Texas ASCs brace for hospital spillover, but another PPE shortage could spell disaster

Many Texas hospitals are pausing elective surgeries as nursing staff and beds run critically low amid a fourth COVID-19 surge, and ASCs are gearing up for what might come next.

Gov. Greg Abbott on Aug. 9 asked hospitals to temporarily pause elective procedures and announced that Texas is recruiting out-of-state healthcare workers to help Texas hospitals with staffing.

ASC administrators are closely monitoring the coronavirus infection rates and hospitalizations in their areas, and preparing themselves from what may come next.

"In our area, there are very few hospital beds available, especially COVID beds," said Tammy Stanfield, RN, administrator and director of nursing of North Pines Surgery Center in Conroe, Texas. "Next door to us is a major Houston hospital's freestanding ER. We came in [earlier this week] to find all their signs covered and a sign on the door to go to the nearest ER. Since there are very few beds, we figure there is overflow backup in the ER. If patients are to be admitted, they have consolidated all of their staff to take care of those admissions."

As for ASCs in Texas, Ms. Stanfield said they will stop performing elective surgeries like they did in spring 2020, but hopes that financial relief similar to the Paycheck Protection Program will be discussed.

Celia Smith, BSN, RN, administrator of Houston Premier Surgery Center in The Villages, said maintaining close communication with physicians and other healthcare leaders in the area has been key to staying informed about decisions hospitals are making on elective procedures.

"Most of the hospitals in our area have available beds, adequate supplies and staffing; therefore, are continuing to allow some elective procedure," Ms. Smith told Becker's. "I appreciate that the governor is leaving it to the hospitals to gauge what their capacity is to perform elective procedures instead of mandating they all be paused."

Some ASCs in areas with particularly high hospitalizations are preparing to take on added elective procedures or divert resources to hospitals.

"We are gearing up as we did before when our hospitals postponed elective surgeries," said Debbie Smith, administrator of Heart of Texas Surgery Center in Woodway. "We have onboarded at least one physician due to the announcement to perform some podiatry cases here at the center."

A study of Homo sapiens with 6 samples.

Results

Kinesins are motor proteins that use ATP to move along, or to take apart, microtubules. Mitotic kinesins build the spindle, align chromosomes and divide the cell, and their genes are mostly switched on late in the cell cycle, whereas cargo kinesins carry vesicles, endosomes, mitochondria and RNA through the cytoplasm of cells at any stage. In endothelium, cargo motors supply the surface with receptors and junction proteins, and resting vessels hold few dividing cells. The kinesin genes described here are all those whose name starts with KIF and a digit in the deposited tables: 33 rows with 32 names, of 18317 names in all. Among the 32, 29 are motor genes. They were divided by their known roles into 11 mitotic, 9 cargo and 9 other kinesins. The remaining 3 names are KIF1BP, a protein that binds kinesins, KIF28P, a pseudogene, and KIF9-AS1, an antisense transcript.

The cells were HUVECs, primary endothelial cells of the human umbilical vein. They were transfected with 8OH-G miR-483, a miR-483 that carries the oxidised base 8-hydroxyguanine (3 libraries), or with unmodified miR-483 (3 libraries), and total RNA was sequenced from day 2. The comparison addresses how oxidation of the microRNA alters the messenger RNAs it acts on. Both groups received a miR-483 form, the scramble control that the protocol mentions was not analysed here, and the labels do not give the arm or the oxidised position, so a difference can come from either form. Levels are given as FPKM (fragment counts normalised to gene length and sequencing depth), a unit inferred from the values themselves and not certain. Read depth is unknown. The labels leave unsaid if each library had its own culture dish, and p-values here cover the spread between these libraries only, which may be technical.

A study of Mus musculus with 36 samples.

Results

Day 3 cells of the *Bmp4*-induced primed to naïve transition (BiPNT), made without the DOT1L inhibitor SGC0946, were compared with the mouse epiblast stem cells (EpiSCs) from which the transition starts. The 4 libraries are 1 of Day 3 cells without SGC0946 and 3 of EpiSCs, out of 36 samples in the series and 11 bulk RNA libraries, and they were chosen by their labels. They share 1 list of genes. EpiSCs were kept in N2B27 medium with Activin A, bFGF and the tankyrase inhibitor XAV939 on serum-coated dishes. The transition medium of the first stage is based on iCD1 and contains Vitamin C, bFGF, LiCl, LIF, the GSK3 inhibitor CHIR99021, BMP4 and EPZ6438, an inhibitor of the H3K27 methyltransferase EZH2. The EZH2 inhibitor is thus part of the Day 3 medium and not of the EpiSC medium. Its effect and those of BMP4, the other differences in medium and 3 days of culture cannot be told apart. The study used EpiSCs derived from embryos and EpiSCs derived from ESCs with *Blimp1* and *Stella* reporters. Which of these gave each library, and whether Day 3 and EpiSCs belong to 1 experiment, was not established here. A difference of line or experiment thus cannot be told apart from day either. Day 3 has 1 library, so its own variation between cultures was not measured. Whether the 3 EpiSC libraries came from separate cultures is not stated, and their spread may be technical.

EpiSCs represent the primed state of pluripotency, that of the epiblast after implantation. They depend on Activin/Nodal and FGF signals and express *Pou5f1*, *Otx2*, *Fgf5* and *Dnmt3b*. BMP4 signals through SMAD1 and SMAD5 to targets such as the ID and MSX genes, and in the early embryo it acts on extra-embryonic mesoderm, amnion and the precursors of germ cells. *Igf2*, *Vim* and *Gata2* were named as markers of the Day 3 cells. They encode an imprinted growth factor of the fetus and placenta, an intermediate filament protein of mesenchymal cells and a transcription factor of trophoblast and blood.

Other ASC leaders are more optimistic about continuing to perform elective procedures — highlighting their improved safety protocols — to support hospitals, but fear that a supply chain shortage for vital equipment could spell disaster.

"ASCs are in a position to take spillover cases from hospitals, which can help hospitals free up space to treat COVID-19 patients," according to Susan Cheek, administrator of Dallas Endoscopy Center. "If there becomes a [personal protective equipment] shortage, then this could affect ASCs' abilities to perform these very important procedures."

One thing is for certain: The postponement of elective surgeries over the past year has had serious ramifications not just for ASCs and hospitals, but also for patients, and all healthcare stakeholders are hoping to avoid a repeat of 2020.

"Last year we had an unacceptable number of patients who delayed necessary treatment and ended up needing more invasive, riskier procedures, and I would not want to repeat the cycle," according to Alfonso Del Granado, administrator of Covenant High Plains Surgery Center in Lubbock. "While hospitals should take reasonable steps to protect their populations, the overwhelming weight of the responsibility must fall on the governor's shoulders, and I would hope he will also take reasonable steps to protect those same populations."